Send more tourists... the last ones were delicious.
Is there any cultural corner left where militant activists won’t come swinging in, demanding that it be turned into a safe space? Any oasis from weaponized hurt feelings? I would have thought that cute cartoon shark merchandise being sold in Christmas Tree Shops in New England might be that one perfect intersection.
Who could possibly be offended?
Enough people to get that “horribly inappropriate” stock removed while writing stinging rebukes on Facebook and let us turn our attention to Cape Cod, the picturesque Massachusetts town best known for its connection to the Kennedy family. Let us read together from the Boston Globe.
Merchandise making light of shark attacks has been stripped from the shelves of Christmas Tree Shops around Cape Cod because of complaints from residents who said the language and images on the items were inappropriate following two serious incidents last year between people and the apex predators — one of which resulted in a man’s death.
One of the items removed from the stores was a notepad featuring a drawing of a smiling great white shark. At the top of the pad it said, “Send more tourists,” and at the bottom, “The last ones were delicious.”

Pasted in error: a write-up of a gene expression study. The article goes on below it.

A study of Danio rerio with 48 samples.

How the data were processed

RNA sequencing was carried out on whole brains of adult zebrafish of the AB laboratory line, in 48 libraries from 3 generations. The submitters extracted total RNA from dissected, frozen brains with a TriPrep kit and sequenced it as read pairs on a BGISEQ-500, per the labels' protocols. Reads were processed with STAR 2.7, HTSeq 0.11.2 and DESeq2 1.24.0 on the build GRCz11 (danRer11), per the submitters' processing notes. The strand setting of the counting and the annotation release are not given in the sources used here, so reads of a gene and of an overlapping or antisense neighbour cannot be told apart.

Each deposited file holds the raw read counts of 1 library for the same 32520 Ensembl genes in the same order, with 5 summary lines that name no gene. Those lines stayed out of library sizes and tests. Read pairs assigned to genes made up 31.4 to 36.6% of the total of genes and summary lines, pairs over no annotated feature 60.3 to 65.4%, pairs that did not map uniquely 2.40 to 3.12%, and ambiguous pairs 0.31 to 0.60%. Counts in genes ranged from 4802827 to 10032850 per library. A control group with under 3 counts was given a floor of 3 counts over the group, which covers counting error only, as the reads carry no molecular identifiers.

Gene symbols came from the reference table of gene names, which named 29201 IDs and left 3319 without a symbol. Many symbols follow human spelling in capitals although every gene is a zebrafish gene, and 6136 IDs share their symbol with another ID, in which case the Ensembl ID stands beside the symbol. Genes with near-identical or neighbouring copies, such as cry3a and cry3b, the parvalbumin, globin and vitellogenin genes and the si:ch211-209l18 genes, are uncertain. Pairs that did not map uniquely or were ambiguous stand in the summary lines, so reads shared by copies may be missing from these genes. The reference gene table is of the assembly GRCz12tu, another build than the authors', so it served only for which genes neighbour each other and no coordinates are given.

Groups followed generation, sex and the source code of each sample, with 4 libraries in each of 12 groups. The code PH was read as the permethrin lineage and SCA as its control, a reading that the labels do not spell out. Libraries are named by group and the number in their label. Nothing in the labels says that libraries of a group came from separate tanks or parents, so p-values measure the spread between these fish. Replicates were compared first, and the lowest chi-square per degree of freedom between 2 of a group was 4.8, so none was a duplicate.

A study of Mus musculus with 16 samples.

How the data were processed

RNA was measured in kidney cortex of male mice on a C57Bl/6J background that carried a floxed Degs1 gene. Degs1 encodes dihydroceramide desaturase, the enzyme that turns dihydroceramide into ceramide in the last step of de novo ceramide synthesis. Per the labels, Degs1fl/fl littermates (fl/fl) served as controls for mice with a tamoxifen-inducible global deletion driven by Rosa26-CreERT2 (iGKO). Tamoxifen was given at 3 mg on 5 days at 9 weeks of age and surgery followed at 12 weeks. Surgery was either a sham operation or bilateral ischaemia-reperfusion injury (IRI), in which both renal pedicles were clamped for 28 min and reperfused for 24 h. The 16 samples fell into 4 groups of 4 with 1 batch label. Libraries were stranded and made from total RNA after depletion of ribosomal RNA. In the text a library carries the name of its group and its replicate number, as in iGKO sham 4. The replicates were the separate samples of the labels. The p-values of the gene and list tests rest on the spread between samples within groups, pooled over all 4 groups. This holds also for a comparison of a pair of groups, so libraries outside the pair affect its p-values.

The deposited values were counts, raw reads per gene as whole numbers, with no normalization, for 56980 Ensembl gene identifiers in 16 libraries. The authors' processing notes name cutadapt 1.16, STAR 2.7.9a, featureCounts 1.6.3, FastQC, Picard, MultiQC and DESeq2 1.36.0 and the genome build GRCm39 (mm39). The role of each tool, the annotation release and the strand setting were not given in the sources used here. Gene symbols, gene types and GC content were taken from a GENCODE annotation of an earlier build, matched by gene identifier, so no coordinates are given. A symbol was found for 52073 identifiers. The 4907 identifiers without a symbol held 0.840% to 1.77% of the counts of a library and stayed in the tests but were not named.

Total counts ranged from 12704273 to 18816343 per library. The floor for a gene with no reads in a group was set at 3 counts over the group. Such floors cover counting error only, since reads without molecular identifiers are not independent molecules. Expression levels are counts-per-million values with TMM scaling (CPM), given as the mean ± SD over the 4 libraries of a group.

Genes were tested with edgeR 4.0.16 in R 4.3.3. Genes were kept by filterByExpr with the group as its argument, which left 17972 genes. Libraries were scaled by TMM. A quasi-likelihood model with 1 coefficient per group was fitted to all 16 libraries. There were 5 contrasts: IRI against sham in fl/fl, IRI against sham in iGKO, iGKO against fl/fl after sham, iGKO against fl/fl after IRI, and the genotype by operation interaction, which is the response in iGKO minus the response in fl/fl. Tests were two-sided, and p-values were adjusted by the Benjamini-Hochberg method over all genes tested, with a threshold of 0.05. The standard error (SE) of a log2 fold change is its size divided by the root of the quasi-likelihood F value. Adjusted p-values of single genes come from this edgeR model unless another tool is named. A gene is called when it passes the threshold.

A second item no longer for sale was a kitchen towel that pictured a great white shark popping out of the water, below the words “Shark Week.” The bottom of the towel read, “Nice to Eat You.”
CapeCod.com, which first reported on the removal of the items, also documented a shirt that said “Come to the Shark Side Cape Cod” and another that read, “Cape Cod, Massachusetts — Dangerous Summer — Shark Patrol.”
Heather Doyle, co-chairwoman of the Cape Cod Ocean Community, an active online group focused on “surveillance, deterrence, detection, and Community awareness” about sharks off the Cape, said members pointed out the items in a discussion on the group’s Facebook page recently.
Members mobilized — not in a “militant way,” she clarified — and reached out to the chain’s corporate offices about what they deemed inappropriate products.
“Our reality is going to be sharks on everything; sharks on this — but when you start to personify sharks as evil animals that are hunting people and smiling . . . it’s probably not a lane we want to go down,” said Doyle, who went to two of the stores to see the products for herself and take pictures.
“It’s really not that funny,” she said. “It’s horribly inappropriate and insensitive to those of us who live here.”
Is there anything you’d like to see removed from shelves? What about little shot glasses that have “One tequila, two tequila, three tequila, floor” written on them? If we muster our Facebooks do you think we could get them banned from kiosks since they encourage excessive drinking and/or perpetuate an incorrect spelling of the word “four?”